In the previous section, to determine the location or magnitude of an unknown source, the dispersion model was integrated backwards in time from a measurement location to determine the geographic area of potential sources. To quantify the emission rate in these calculations, we assumed that the dilution factors are about the same in the forward or backward integration of the model.
- Start by retrieving the previously saved captex_control.txt and captex_setup.txt settings into the GUI menu. Then as before, set a 19 hour run duration which limits the results to the 3-hr measurement data. Leave the particle release number at 50000 because it will be divided into 225 release locations. Following the same approach as was used in the trajectory matrix, open the source location menu for three locations and enter the lower left (38,-85) as the first location, upper right (45,-78) as the second, and the first internal grid point (38.5,-84.5) as the third location. This will create a regular grid of emission points at 0.5 degree resolution.
- Then open the concentration grid menu and change the sample starting time to 83 09 26 09 00 to simplify the subsequent analysis, which will result in only one output time with one 03 hour average output at the end of the 3-hr measurements. Save the change and open the pollutant menu and change the emission rate from its actual value to a unit value, in this case 0.333333 so that one unit of mass is released after a duration of 3.0 hours. Save the change and close the Setup Run menu.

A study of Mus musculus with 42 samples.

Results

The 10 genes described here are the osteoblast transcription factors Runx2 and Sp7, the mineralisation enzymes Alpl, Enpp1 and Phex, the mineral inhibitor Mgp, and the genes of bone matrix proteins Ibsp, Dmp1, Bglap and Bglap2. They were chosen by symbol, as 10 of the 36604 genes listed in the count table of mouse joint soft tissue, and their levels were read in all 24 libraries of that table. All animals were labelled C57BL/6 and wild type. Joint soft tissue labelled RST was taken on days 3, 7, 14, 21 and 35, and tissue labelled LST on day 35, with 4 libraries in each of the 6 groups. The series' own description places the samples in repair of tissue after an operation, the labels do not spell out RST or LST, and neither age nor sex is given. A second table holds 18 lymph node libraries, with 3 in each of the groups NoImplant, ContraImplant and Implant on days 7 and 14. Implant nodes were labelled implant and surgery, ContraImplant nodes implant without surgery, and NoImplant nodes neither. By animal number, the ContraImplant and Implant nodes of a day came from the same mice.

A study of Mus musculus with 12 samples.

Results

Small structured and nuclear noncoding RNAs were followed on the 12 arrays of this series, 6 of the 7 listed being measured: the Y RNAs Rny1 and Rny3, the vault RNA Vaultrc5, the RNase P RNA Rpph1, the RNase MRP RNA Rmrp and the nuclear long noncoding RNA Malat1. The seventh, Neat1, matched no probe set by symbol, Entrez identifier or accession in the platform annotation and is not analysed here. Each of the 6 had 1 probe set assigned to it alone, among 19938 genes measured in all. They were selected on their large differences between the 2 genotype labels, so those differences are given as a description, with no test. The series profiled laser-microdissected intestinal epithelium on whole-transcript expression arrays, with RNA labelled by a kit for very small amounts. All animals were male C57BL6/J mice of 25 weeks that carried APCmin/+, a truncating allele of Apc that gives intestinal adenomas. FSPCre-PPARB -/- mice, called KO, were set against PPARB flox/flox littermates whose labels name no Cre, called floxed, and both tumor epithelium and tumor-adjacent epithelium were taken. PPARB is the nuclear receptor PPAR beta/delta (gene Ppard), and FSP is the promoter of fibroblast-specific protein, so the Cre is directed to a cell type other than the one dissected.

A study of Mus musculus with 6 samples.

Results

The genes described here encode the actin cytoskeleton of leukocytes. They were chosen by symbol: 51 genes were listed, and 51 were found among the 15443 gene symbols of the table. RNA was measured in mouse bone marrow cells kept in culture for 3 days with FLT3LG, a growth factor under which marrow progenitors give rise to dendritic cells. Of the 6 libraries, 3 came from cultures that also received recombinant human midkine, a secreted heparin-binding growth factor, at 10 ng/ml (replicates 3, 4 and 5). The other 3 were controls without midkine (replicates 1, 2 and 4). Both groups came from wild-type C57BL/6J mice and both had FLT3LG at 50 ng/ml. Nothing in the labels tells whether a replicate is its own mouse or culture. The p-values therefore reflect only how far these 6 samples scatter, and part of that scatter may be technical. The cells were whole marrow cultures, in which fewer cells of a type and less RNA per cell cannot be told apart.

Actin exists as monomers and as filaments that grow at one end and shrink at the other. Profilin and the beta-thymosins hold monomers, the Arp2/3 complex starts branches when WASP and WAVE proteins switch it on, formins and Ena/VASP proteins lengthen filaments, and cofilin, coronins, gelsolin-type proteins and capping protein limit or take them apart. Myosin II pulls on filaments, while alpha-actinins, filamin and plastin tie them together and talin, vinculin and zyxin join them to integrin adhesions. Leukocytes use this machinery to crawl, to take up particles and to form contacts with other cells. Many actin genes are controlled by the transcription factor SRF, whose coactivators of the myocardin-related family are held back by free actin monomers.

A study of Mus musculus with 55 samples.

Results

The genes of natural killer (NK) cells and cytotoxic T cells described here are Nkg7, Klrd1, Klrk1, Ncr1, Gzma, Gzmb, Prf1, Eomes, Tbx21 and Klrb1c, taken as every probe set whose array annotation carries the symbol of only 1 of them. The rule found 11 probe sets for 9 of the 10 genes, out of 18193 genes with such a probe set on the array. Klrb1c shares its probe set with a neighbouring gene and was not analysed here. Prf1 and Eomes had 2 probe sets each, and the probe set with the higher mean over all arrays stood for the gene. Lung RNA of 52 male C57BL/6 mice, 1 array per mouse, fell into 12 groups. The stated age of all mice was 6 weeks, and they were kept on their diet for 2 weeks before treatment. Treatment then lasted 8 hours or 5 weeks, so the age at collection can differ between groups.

- Now open the Advanced / Concentration Setup / Concentration / Conversion Modules menu #10 and check the radio-button to restructure the concentration grid to the source-receptor format. The effect of this switch is that instead of all sources contributing mass to a single concentration grid, each source has its own concentration grid, which can be treated as a matrix with each row representing a source location and the columns representing the receptors (the concentration grid points). Plotting the values on a row gives a concentration map for that source. Plotting the values in a column gives the contribution of each source to that receptor.
- Save the changes to close the menu and then run the model from the Special Runs / Matrix menu tab. When the run completes, press the Display / Source-Receptor / View menu tab, to open the display menu. This menu calls a special program to extract the source or receptor information from the matrix output file. It writes out a single binary file that can be displayed with the normal concentration plotting program or any other concentration utility. Rename the binary output file to give it a unique name, such as SRM_fwrd.bin. The extraction method radio-button should be set to source, which means we are going to extract the row computed from the tracer source location entry box values: 39.90 -84.22. Then execute to view the plume dilution factors for the 26th from 0900-1200. The source location is rounded to the nearest half degree point.
- Go back and check the receptor radio-button and enter the location of sampler 316 at 41.3 -82.22 and give the output file a unique name, such as SRM_back.bin The resulting source display map shows the dilution factors for sources contained within the contoured region. The dilution factors can then be divided into the measurement to estimate the emission rate from that source location.
- Naturally the forward and backward dilution factors must be identical because they are all derived from the same forward calculation. This can be checked by using the Grid to Station analysis as was done in the forward-backward analysis tutorial.
- For future reference save the CONTROL file to matrix_control.txt and the SETUP.CFG file to matrix_setup.txt.
The results shown here are another approach to source location from the source perspective, relying only on a forward calculation from all potential source locations. Simply selecting a receptor location will show the contributions of all sources contributing to that location. The computation can be very resource demanding, in terms of time and memory, because a unique concentration grid is required for each source.